Digital Realm of Engineering Marvels
Obvious fact#1: Singapore’s skyline is in a constant state of flux.
Construction barricades and area cordons frequently spring up around our little island, declaring to all who pass by: Watch this space!
But long before even a single brick of a new building is laid, its digital doppelganger would already have been erected — in lines of code — to simulate different materials, features, technologies and strategies that will be used in its actual construction.
(Editor: Think Virtual Singapore).
Not only are the building’s parameters optimised, its impact on nearby structures is also forecasted so that any unintended side effects of its construction can be identified and mitigated in advance
Such is the power of digital technologies to ensure that Singapore’s precious land is well used, and that the structures standing on it are intelligently and safely built, said a panel of experienced engineers from Singapore’s statutory boards.
Speaking at ‘Engineering Marvels of Singapore’, a discussion held on 19 July 2017 as part of the World Engineers Summit, the panellists described how smart technologies such as modelling and simulation have revolutionised the planning and construction of Singapore’s cityscape.
Simulations for sustainable homes
Singapore’s public housing is world renowned, and its high-rise apartment buildings are engineering marvels in their own right.
Over the past 50 years, the Housing and Development Board (HDB) has constructed more than one million buildings that house approximately 80 percent of Singapore’s population.
But HDB is not resting on its laurels, instead continuing to build new towns and improve existing ones with a nobler goal in mind — sustainability.
“We want to improve HDB living and make our public housing more future ready. To do that, we must build with sustainability in mind,” said Mr Tan Sze Tiong, deputy director of environmental building performance research at HDB.
“But before we implement green housing solutions, we want to testbed various technologies and designs, and modelling is an excellent platform to visualise and plan them.”
For example, in the planning of new towns, wind-flow, shading, noise and solar irradiance analysis can be carried out on virtual platforms such as the Integrated Planning and Analysis System (iPLAN) and Virtual Singapore.
If one parameter is found to be unsatisfactory, it is tweaked and tested until the required standards are met, explained Mr. Tan.
Smart technologies for greener buildings
Given Singapore’s tropical climate, approximately 25 percent of its energy is used for cooling purposes. Air-conditioned offices and apartments are thus major energy sinks.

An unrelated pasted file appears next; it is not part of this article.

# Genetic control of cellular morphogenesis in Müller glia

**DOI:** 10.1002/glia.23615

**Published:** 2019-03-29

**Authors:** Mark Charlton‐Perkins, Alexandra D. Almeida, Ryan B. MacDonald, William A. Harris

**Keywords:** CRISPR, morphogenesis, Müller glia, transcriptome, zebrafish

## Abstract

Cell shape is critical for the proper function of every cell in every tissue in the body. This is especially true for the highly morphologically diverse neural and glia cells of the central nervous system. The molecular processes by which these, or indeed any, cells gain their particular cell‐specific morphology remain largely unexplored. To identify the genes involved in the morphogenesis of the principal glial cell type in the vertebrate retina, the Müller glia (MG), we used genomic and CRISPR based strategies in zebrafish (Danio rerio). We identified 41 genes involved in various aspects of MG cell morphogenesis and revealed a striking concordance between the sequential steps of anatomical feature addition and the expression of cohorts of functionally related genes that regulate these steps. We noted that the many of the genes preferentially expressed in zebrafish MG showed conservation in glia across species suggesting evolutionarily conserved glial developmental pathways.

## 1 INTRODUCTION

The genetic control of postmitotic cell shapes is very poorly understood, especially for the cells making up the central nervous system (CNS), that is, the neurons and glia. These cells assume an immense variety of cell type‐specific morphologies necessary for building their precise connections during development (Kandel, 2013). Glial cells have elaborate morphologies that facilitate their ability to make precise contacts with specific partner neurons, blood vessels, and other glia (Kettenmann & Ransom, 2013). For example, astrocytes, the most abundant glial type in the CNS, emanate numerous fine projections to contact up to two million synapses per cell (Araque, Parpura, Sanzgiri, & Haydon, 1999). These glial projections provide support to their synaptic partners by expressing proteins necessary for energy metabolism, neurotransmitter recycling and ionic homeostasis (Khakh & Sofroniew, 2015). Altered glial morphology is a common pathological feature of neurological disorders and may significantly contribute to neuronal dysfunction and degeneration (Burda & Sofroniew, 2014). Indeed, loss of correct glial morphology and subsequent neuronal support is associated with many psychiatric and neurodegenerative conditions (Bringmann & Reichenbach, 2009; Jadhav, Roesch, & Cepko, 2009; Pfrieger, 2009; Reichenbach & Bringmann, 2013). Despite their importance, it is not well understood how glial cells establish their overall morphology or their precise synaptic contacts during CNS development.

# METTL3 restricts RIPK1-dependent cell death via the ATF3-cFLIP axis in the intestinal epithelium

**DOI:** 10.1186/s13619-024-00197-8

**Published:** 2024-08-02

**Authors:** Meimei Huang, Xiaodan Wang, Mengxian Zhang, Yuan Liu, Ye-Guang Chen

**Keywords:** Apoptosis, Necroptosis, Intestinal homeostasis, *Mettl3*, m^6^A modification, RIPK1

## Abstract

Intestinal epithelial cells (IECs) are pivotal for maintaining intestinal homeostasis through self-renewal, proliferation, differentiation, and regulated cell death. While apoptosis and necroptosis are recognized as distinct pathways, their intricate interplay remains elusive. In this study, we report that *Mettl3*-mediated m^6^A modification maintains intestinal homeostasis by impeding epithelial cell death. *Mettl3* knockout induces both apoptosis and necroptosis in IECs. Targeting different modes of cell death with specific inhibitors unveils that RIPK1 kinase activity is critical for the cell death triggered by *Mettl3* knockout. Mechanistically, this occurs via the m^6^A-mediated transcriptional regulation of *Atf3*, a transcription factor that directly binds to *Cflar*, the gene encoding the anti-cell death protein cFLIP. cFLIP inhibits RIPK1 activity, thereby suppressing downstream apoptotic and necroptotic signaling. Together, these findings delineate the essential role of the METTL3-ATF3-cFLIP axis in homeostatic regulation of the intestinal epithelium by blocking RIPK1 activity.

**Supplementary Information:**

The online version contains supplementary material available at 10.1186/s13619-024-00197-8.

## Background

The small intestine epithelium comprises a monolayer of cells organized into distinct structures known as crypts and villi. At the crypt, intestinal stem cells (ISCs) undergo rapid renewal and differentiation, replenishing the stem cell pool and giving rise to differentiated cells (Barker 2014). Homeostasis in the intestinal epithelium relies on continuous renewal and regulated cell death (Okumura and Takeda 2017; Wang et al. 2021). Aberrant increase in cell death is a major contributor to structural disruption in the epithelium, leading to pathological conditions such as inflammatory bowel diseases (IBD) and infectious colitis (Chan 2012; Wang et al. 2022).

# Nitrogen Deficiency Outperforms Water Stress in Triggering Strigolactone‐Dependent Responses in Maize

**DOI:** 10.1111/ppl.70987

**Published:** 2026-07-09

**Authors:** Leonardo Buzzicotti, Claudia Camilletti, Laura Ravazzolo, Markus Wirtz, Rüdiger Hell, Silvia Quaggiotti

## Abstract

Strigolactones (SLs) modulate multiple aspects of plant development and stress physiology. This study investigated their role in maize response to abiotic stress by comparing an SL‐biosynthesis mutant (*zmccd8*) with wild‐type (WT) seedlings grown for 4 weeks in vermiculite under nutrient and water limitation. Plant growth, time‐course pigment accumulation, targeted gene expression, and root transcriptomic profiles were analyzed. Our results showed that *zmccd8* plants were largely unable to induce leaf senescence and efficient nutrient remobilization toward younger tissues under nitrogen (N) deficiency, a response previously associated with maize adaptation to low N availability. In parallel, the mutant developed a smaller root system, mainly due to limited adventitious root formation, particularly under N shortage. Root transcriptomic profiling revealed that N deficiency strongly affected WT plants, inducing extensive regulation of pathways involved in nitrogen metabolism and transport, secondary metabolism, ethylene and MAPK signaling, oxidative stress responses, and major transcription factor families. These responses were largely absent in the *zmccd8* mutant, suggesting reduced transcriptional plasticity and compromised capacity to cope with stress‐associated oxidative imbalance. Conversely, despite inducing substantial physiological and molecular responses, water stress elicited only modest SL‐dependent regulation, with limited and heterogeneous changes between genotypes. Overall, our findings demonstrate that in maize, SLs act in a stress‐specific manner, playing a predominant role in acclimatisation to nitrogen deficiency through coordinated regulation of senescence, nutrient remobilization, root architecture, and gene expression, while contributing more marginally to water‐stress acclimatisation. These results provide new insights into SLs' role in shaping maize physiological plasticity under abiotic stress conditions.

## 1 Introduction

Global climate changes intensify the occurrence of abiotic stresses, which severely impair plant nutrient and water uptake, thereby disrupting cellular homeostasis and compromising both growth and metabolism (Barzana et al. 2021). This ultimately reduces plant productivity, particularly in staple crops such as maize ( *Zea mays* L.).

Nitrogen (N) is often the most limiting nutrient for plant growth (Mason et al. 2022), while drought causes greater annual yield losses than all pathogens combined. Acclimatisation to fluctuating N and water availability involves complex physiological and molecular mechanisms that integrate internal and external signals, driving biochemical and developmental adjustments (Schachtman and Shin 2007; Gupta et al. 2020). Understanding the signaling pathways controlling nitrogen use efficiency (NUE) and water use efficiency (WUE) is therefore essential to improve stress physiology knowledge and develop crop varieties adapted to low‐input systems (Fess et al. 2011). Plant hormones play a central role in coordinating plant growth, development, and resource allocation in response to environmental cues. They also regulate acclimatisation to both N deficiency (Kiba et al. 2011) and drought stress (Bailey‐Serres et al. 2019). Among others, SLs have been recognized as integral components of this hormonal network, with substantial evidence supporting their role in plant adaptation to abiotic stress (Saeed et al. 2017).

But nestled within the Building and Construction Authority (BCA) Academy at Braddell Road, the Zero Energy Building (ZEB) is defying convention by being the first retrofitted structure in Southeast Asia to achieve—you guessed it—net zero energy consumption.
This feat was achieved through the use of a suite of green building technologies—more than 30 of them, said Ms Alice Goh, principal manager at BCA.
Solar chimneys, for example, ventilate the building using the convection of air heated by energy from the sun.
But BCA is aiming even higher. “Moving forward, we intend to improve the energy performance of the ZEB, even generating a 40 percent energy surplus,” Ms Goh added.
To do this, there are plans to incorporate a host of smart technologies into the ZEB, including numerous sensors that will collect data on occupants’ activities, energy consumption habits and comfort levels.
This data will be fed back in real time to a smart building management system, which will then analyse it and use the information to adjust indoor conditions accordingly.
This fine-tuning allows for maximum energy efficiency as well as comfort of the building’s occupants.
In addition to sustainability, smart technologies can also be used to ensure safety.
Imagine having to excavate huge tunnels beneath buildings and between existing train lines, as the Land Transport Authority (LTA) had to do during the construction of certain stretches of the Downtown Line, the newest addition to Singapore’s subway network.
“Because there are so many pre-existing lines, the underground spaces that we work with are very congested,” said Mr Chang Kin Boon, a project director at LTA.
“At some stretches, we were trying to squeeze the Downtown Line between the North-East and East-West Lines, and the gap between the new and old train tunnels was a mere one metre. It was so close that if you reached over from the new tunnels, you could pluck a passenger from a passing train!”
It was thus imperative to be certain that the tunnels as well as the ground above them would hold.
Using extensive data collected by instrumentation deployed during the construction of tunnels between Bendemeer and Jalan Besar stations, LTA engineers were able to generate settlement prediction models.
These helped them assess the tunnelling-related risks for other stations along the Downtown Line, and thus plan construction strategies to mitigate these risks.
So the next time you visit a new well-designed HDB estate, cool off in an energy-efficient office building, or zip along the Downtown Line, spare a thought for the smart technologies that enabled them — as well as the engineers who made all these engineering marvels possible.
- Image of DownTown Line tunnel: Creative Commons DownTown Line tunnel by SgTransport licensed under CC by 2.0.